TAHLEQUAH — A new buzz around Tahlequah centers on a class held through Northeastern State University’s Continuing Education Program.

Instructor for the beekeeping class, George McLaughlin Jr., said it’s a good course for anyone interested in stowing bees.

“If you want to help your environment, learn a lot about biology, and if you like honey, especially, this is a good class for you,” McLaughlin said. “If your only interest is in honey, though, it’ll be easier to buy it. You better have an interest in bees, too, because if you like the critters - animals - you’ll have a good time.”

It’s widely believed amongst “apiarists” — beekeepers — that the process of keeping bees is a relatively difficult one.

McLaughlin has been working with bees since he was a teenager, and he insists that having someone to help along the way is paramount in the practice.

“Beekeeping is very complex,” he said. “I’ve never, ever met anyone in all my life who became successful in beekeeping without a mentor. You can read all the books and watch all the videos you want, but you’ll never make it without a mentor.”

While however difficult beekeeping might be, the endgame is worth it, McLaughlin said.

“It’s almost a relationship, in a sense, with the species,” he said. “If you enjoy that, it’s worth it. I don’t know anything that I do that relaxes me more than to go out on a warm day and open the hive and work with them.”

The course’s intent is for beekeeping beginners and will teach newbies about everything required when establishing a new hive — where to find bees and equipment, and the many facets of starting the process.

“Beekeeping is such that you can get into it quickly and you can learn the basics rather rapidly,” McLaughlin said. “Everyone in this class should be able to work a hive by the time we’re finished and you should be able to do the basics. You should actually have success.”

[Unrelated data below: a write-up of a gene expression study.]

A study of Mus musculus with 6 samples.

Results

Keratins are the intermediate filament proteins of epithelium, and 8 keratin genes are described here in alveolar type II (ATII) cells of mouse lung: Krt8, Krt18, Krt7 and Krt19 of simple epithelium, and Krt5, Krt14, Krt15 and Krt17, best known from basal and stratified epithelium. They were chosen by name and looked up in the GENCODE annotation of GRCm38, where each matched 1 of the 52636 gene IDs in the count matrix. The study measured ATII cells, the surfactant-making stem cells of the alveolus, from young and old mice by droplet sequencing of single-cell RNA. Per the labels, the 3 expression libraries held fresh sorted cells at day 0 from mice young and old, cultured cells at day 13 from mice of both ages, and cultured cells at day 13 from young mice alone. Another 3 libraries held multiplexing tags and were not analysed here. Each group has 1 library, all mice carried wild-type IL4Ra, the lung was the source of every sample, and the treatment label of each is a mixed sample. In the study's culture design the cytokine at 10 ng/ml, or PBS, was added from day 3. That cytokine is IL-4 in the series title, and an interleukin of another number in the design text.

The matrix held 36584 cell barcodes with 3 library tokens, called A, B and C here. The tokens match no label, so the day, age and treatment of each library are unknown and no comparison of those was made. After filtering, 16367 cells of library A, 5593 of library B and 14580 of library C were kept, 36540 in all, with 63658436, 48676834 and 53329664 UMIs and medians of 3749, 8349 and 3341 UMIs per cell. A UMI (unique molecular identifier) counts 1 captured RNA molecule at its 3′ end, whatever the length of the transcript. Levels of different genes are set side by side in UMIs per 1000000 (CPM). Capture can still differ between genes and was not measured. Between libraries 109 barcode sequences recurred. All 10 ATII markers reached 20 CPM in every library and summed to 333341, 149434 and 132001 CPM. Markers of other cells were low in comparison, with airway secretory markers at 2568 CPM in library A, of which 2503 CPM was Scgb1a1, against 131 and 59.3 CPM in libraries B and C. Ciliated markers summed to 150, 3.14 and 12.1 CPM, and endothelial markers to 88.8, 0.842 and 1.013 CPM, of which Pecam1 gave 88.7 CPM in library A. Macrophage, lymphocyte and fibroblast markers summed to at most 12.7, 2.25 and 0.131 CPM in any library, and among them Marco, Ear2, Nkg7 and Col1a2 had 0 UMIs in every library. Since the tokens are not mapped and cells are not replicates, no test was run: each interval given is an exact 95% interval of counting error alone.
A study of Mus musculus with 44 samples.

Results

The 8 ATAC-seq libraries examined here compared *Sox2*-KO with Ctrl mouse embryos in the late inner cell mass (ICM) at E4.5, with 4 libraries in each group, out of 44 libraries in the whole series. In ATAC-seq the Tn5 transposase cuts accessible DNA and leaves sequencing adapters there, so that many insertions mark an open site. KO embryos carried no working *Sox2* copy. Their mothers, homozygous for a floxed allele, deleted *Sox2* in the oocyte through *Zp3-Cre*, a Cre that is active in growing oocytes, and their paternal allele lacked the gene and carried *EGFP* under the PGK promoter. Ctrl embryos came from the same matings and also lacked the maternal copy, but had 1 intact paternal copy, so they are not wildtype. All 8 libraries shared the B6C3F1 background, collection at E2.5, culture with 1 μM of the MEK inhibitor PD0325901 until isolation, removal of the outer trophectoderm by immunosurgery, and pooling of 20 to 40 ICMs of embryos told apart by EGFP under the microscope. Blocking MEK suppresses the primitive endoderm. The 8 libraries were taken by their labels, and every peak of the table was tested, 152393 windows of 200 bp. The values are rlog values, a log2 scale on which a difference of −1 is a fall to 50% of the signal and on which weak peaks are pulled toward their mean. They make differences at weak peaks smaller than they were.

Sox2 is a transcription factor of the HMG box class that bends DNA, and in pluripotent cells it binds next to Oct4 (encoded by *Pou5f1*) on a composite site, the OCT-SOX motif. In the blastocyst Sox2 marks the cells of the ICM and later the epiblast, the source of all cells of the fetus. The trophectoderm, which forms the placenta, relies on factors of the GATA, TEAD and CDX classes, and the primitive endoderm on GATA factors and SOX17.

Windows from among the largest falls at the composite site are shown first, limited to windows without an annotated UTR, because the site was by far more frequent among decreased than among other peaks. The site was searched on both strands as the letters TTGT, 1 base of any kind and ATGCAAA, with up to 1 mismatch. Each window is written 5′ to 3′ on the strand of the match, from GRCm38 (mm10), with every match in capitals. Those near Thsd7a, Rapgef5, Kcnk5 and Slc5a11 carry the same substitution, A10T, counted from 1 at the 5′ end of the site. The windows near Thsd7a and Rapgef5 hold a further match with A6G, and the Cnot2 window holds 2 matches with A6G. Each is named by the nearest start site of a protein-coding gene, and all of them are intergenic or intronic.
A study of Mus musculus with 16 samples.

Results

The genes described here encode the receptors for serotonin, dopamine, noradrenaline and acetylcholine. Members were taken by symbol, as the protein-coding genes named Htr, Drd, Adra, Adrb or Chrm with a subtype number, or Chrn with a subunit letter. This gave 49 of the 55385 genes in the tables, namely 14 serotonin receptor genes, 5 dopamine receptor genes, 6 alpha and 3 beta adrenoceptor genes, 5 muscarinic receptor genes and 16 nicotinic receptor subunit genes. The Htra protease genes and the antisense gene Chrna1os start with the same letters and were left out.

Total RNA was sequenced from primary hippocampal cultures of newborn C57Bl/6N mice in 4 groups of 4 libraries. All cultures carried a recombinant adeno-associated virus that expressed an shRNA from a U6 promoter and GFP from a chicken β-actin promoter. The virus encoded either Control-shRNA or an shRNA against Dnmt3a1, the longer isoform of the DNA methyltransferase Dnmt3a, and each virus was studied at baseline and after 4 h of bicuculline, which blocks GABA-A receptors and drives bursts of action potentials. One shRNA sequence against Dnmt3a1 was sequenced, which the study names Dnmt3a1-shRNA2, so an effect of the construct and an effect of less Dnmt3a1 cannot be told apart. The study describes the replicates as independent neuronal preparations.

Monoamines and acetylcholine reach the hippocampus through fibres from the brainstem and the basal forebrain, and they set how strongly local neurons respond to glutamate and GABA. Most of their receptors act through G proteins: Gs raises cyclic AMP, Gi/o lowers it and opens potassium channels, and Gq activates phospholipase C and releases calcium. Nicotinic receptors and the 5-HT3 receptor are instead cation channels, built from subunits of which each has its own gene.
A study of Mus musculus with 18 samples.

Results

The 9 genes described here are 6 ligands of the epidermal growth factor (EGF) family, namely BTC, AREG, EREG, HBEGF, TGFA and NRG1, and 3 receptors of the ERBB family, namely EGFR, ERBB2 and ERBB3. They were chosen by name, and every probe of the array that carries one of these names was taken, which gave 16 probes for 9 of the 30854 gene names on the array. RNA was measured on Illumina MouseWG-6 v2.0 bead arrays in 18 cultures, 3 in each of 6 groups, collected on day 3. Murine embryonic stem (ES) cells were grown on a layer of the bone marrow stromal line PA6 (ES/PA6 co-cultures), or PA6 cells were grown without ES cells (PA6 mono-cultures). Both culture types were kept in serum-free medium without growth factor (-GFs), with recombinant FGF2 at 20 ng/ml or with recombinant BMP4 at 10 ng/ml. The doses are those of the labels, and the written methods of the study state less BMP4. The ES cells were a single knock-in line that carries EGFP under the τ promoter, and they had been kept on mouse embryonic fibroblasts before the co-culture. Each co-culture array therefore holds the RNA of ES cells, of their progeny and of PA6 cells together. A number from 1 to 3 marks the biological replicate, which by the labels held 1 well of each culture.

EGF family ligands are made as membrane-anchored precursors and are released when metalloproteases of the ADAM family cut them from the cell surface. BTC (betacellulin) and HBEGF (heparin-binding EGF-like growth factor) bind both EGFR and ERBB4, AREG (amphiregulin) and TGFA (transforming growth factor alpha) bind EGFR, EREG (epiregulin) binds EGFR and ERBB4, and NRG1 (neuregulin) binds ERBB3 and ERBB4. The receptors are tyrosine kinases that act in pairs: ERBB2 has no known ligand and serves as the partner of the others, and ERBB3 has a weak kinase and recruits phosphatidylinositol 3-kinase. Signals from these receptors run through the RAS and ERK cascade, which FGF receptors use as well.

Beekeeping can be time-consuming when first starting up a hive, but once it’s put in place, it doesn’t require everyday upkeep.

“Some people get too excited after they first start keeping bees, and they want to go out and check it every day,” McLaughlin said. “This can actually disturb the bees, and if they’re bothered too much, they’ll simply move on.”

McLaughlin said 10 days to two weeks is adequate time between visits to a hive after building a new one.

Different factors throughout keeping season can cause disruption to a hive and the bees working in it, making it a continuous problem-solving activity.

“Every time you work bees, something will come up that throws you off,” McLaughlin said. “Whenever you think you’ve got them figured out, the bees will zig when you’re zagging. But I have solutions.”

Not only can beekeeping take up a large portion of your time, but it also will run you a fare amount of money, with the price of hives and bees at upward of $150 each, depending the on the equipment and types of bees. The gains that come with beekeeping involve more than just honey, though.

“If all you were doing is beekeeping, you could investigate the market for pollen, for propolis, for pollination,” McLaughlin said. “You can do a lot more. It just depends on how much you want to put into it.”

The possibility of getting stung once or twice is very real, but that shouldn’t deter people from venturing into a new hobby.

McLaughlin said not as many people are allergic as one would think, and having an allergic reaction shouldn’t discourage anyone from starting his or her own hive.

“The first time you get stung, you won’t have a reaction,” he said. ‘The second time you get stung, you will. The third time you get stung will determine if it’s going to get better, or worse. If you have a really bad reaction, find something else to do. But you can get stung and it’s not the end of the world.”